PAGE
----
Answering the Trickiest QuestionsJob loss, divorce, disease — they're difficult topics to discuss with anyone, but with kids, special finesse is required. Here, the smart scripts to use
One of the prime directives of parenting is to protect kids from pain. Hence, bicycle helmets, the movie-rating system, and immunizations. But what about a different kind of discomfort — say, when they get wind of adult situations like divorce or a serious illness? It may be tempting to fib and spare children the harsh truth, but a) that's sidestepping honesty and b) you won't be equipping your kid to deal with the hard stuff in life. And c) once your little one is more of a midsize to large one, she's going to be too observant to be sheltered from reality. So how's a parent to proceed?
Consider this: "Unlike adults, children don't have a context to put disturbing information into. Well-meaning parents may give kids more info than they can deal with, causing insecurity and anxiety they'd intended to control," says Edward Hallowell, M.D., a psychiatrist in Sudbury, MA, and New York City and author of several books on parenting, including The Childhood Roots of Adult Happiness. So you'll want to parcel out the info in appropriate, manageable chunks.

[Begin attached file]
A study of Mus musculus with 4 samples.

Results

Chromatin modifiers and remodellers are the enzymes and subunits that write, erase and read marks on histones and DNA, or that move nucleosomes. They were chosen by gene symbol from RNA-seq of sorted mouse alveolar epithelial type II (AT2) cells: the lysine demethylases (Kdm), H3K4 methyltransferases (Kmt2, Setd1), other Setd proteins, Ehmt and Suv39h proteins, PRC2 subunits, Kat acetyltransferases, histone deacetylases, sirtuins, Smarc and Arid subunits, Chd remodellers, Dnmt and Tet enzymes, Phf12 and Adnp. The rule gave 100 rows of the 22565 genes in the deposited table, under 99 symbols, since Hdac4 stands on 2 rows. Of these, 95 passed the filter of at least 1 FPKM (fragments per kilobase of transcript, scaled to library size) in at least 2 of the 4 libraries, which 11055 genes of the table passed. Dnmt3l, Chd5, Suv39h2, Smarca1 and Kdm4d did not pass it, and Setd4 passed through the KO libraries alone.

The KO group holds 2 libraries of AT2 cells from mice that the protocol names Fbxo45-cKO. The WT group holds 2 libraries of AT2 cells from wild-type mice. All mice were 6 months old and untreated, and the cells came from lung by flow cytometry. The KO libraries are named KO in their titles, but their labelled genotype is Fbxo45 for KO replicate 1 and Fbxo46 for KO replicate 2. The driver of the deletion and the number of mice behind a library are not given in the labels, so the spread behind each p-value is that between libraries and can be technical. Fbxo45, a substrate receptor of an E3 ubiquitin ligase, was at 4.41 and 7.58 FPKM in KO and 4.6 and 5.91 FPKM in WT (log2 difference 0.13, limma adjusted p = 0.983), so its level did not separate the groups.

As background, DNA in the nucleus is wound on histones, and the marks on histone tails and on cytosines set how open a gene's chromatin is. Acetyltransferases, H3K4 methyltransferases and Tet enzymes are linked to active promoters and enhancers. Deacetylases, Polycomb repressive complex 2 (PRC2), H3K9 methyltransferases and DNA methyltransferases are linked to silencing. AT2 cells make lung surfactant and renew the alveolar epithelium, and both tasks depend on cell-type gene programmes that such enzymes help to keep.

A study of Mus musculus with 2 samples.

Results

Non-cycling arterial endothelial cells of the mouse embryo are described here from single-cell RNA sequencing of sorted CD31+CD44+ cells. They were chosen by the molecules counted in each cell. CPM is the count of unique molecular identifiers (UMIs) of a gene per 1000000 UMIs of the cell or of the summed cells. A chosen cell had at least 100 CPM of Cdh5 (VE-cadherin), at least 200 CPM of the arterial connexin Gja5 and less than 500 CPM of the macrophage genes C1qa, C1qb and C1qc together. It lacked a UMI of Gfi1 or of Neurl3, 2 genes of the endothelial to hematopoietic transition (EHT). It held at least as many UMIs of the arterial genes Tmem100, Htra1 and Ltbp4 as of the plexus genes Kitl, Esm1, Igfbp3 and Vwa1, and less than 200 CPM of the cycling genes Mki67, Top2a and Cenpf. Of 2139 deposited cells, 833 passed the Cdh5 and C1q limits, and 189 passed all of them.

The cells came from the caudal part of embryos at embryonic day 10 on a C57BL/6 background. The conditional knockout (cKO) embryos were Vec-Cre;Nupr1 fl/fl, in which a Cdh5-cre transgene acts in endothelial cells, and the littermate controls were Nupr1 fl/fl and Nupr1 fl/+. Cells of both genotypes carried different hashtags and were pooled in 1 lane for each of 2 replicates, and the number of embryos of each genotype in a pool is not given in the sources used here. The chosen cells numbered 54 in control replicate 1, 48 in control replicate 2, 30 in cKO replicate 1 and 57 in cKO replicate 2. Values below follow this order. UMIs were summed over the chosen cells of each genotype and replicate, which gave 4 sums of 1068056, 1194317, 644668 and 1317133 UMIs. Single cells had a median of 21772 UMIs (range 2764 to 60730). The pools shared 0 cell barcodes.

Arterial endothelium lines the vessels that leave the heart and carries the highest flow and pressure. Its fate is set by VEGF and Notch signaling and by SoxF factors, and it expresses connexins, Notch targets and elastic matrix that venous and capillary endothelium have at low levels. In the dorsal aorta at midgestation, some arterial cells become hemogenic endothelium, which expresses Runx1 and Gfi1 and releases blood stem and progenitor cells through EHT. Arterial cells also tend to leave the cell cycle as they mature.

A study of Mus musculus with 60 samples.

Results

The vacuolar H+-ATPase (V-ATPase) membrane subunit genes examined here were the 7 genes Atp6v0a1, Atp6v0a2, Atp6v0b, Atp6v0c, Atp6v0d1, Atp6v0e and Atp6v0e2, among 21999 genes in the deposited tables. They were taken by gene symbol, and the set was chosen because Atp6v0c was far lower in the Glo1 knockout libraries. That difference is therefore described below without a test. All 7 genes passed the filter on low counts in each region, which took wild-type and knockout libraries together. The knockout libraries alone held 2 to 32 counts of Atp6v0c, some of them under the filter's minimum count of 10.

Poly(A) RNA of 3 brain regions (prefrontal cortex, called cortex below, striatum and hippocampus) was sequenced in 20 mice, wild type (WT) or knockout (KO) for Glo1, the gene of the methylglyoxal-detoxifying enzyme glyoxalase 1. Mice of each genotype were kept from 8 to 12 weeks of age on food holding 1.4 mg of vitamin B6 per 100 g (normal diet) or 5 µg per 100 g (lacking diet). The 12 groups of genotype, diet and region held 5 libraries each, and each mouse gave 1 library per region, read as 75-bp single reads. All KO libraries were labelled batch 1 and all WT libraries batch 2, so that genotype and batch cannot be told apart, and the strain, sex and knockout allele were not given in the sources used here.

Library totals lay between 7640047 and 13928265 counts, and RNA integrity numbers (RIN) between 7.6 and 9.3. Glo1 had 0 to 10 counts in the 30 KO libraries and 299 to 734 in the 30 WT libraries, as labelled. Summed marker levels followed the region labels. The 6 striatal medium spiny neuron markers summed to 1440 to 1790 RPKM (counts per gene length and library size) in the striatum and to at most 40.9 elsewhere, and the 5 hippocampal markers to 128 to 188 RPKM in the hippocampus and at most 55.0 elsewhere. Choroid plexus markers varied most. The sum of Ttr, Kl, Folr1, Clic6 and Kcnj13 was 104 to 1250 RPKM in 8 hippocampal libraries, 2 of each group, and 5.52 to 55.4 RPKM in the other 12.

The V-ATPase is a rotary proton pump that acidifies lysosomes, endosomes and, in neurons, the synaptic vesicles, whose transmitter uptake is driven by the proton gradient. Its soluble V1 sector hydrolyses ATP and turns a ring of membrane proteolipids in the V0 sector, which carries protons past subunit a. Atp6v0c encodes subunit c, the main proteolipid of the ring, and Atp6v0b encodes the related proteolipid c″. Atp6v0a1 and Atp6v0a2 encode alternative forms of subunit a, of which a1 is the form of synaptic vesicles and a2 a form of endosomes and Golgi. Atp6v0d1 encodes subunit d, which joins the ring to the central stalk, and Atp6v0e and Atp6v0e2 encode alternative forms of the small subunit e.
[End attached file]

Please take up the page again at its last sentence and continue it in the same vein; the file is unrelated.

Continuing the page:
You have to acknowledge there's been a disturbance in their universe, but keep the flow of information to a trickle. "Kids need to know only what they need to know: what will change in their lives because of the situation and, more important, what won't change," says John Duffy, Psy.D., a clinical psychologist and author of The Available Parent: Radical Optimism for Raising Teens and Tweens. "You should discuss things differently with each child, based on his age and maturity and the situation itself."
So when your kid hears about something you wish he hadn't and comes to you asking for an explanation, give him the info he needs — and not a bit more.